About Creative Commons (CC) Licenses

A license is distinct from copyright. Copyright identifies who holds rights; a license defines how copyrighted material may be used,

Creative Commons is devoted to expanding the range of creative works available for others to build upon legally and to share. The organization has released several licenses known as Creative Commons licenses free of charge to the public. These licenses allow creators to communicate which rights they reserve, and which rights they waive for the benefit of recipients or other creators. An easy-to-understand one-page explanation of rights, with associated visual symbols, explains the specifics of each Creative Commons license. Creative Commons licenses do not replace copyright, but clarify what the copyright holder permits. They replace individual negotiations for specific rights between copyright owner (licensor) and licensee, which are necessary under an "all rights reserved" copyright management, with a "some rights reserved" management employing standardized licenses for re-use cases where no commercial compensation is sought by the copyright owner. The result is an agile, low-overhead and low-cost copyright-management regime, profiting both copyright owners and licensees.

Choose a CC License for your work

Complete the easy to use form to generate a license for your work: https://creativecommons.org/choose/
Embed the machine-readable code to the style sheet/journal template, so that it is displayed on each and every page related to the journal.

It is recommended that the journal clearly indicates whether an open license applies to the journal articles, and which one of the six CC Licenses.

Example open license for journals: http://www.plosmedicine.org/static/license

To choose NC or not to choose NC

From Tobias Schonwetter:

"Choosing the NC element seems to be something like a knee-jerk reaction of many that are confronted with open licensing (“yes, I want to share my content more freely but I certainly don’t want others to make money with my content”). What I always ask is what they really want to achieve with licensing their content under an open licence - and very often the answer is “widest possible dissemination” of their content. However, if this is the underlying objective then using the NC requirement certainly isn’t wise because it is often the commercial players that are the best multipliers / distributors.

Also, there is often a fear that competitors would use the material if the NC element was not added. I don’t think this is likely because even if the NC element is not used the work has still to be attributed clearly to the original source - and which competitor would really like to distribute material that is clearly marked as not being his own.

Lastly, using the NC element narrows down the options when one wishes to combine a work with another CC licensed work as can be seen in this matrix: https://wiki.creativecommons.org/index.php/Wiki/cc_license_compatibility"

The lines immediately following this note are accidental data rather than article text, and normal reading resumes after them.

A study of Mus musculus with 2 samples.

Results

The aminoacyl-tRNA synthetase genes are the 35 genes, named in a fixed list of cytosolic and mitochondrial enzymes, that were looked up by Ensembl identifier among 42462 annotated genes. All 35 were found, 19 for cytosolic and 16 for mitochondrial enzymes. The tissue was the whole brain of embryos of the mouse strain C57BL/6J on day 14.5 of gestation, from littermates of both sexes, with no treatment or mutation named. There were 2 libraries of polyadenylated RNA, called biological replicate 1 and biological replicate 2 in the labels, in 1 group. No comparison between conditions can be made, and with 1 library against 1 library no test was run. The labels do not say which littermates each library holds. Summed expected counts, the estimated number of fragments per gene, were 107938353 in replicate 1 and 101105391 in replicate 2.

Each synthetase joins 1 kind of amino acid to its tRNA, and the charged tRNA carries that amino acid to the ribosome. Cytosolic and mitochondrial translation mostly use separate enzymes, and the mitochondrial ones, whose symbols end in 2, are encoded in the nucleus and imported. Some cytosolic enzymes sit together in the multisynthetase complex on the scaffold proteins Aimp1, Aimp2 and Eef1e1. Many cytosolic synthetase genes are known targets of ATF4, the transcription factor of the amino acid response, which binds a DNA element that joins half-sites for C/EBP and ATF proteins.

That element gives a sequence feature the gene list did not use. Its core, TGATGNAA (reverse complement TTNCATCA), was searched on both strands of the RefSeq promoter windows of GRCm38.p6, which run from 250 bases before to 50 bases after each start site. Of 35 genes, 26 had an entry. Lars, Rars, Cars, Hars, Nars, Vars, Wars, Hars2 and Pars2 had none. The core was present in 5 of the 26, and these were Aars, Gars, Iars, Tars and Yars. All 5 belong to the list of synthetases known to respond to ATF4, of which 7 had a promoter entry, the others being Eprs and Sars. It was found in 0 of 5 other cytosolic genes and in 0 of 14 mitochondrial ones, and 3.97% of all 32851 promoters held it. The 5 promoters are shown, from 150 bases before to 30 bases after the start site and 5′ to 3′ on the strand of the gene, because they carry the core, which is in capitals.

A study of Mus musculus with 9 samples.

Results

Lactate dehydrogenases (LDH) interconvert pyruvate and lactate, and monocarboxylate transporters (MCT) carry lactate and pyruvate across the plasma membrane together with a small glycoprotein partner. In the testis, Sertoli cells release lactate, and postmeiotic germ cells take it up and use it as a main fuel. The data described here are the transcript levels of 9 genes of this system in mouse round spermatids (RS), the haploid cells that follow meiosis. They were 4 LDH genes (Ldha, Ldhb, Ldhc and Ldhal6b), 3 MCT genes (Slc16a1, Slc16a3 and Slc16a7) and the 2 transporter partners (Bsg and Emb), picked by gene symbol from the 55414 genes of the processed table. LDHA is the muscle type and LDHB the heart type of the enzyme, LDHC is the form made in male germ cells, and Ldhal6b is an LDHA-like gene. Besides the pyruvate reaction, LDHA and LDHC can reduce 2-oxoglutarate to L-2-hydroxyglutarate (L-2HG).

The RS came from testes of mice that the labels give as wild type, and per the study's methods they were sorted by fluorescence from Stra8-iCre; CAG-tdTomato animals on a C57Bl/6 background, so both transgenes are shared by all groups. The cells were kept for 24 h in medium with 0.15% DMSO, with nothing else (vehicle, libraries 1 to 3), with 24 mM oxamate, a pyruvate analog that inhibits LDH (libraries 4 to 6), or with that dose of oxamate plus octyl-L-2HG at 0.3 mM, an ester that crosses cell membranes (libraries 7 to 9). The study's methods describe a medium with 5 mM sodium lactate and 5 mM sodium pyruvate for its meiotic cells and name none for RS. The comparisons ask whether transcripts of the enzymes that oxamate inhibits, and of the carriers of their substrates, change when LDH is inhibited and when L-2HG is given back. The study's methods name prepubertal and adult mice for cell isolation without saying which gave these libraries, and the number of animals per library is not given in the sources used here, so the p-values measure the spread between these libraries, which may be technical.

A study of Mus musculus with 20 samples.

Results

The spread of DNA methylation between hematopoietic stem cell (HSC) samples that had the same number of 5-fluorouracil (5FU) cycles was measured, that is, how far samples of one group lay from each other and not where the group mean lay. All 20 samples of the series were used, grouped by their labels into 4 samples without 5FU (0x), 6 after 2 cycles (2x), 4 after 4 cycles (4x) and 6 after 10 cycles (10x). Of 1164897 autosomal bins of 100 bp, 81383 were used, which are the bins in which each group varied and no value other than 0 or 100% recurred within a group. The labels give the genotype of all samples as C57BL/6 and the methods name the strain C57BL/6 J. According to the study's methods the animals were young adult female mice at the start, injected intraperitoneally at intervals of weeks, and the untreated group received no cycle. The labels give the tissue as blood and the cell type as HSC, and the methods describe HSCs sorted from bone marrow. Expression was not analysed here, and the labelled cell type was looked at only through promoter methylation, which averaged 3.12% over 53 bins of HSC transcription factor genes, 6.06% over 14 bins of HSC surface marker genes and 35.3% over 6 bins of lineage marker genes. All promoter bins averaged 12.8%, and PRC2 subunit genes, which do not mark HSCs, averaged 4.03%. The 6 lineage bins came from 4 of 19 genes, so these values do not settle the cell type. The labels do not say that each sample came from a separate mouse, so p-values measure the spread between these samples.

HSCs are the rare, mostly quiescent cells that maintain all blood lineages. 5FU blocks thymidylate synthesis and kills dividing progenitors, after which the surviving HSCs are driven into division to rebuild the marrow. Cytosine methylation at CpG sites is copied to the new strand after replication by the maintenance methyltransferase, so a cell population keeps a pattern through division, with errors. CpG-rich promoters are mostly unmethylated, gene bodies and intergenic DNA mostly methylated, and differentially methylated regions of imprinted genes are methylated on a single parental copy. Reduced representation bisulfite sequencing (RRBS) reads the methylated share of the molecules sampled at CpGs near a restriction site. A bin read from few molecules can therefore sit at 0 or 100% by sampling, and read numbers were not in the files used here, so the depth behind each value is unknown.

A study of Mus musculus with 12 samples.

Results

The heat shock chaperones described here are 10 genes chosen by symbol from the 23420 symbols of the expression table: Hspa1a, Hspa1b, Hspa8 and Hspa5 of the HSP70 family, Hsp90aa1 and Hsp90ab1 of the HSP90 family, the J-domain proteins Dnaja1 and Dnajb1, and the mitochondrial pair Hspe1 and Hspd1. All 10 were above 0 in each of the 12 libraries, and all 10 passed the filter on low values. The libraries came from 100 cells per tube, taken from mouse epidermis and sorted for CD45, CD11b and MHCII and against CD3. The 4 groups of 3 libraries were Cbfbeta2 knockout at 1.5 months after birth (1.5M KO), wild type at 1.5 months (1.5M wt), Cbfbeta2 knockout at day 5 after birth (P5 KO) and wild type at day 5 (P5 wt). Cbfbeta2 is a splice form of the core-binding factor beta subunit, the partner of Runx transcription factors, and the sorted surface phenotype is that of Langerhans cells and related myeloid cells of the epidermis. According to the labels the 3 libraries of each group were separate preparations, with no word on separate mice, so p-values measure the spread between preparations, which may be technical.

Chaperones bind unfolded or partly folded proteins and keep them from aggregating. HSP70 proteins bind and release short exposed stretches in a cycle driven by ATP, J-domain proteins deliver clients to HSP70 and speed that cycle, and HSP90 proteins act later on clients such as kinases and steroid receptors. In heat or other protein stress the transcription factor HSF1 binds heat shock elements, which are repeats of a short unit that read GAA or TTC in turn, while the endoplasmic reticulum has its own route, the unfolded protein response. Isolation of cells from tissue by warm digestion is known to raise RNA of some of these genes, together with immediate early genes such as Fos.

"Minimise main concerns by using the sharealike (CC BY SA) element, which would require those changing the article to also disseminate the resulting work under an open licence

The use of the ND element (CC BY ND) would simply disallow the creation of derivative works under that licence, which also appears to solve the problem. However, this is problematic in itself in that such a requirement potentially stifles progress made through improving existing “knowledge". Also, even if one uses the ND element, the other party would still be allowed to actually sell the same work (if someone wants to pay for a work that is also available for free elsewhere).

One could also consider using the NC element (CC BY NC) as this would also prevent abuse as described but the problem is that using the NC element always curtails dissemination.

So in a nutshell I would suggest to consider using the CC BY SA licence if the fact that others may make money from the journal is a real concern. However, the disadvantage is that the more licence elements you use the less dissemination will happen and it will also become increasingly different to combine that content with other CC content that is licensed under a different licence."

Find CC licensed work

Search at http://search.creativecommons.org/


As indicated, a CC license is not a replacement for copyright. Each and every journal should indicate with whom the copyright for articles published in that journal resides. It can for example be with the following:
  • Author (usually when the journal is an OA journal)
  • Journal
  • Institution/Organisation/Association (third party)
  • Other

The copyright notice will usually appear in the About the Journal section. It should describe for readers and authors whether the copyright holder is the author, journal, or a third party. It should include additional licensing agreements (e.g. Creative Commons licenses) that grant rights to readers, and it should provide the means for securing permissions, if necessary, for the use of the journal's content.

Example copyright notice for open access journals:

Authors who publish in the journal agree to the following terms:

Authors retain copyright and grant the journal right of first publication with the work simultaneously licensed under a Creative Commons Attribution License that allows others to share the work with an acknowledgement of the work's authorship and initial publication in this journal.

Authors are able to enter into separate, additional contractual arrangements for the non-exclusive distribution of the journal's published version of the work (e.g., post it to an institutional repository or publish it in a book), with an acknowledgement of its initial publication in this journal.

It is recommended that the journal clearly indicates whether an open license applies to the journal articles, and which one of the six CC Licenses.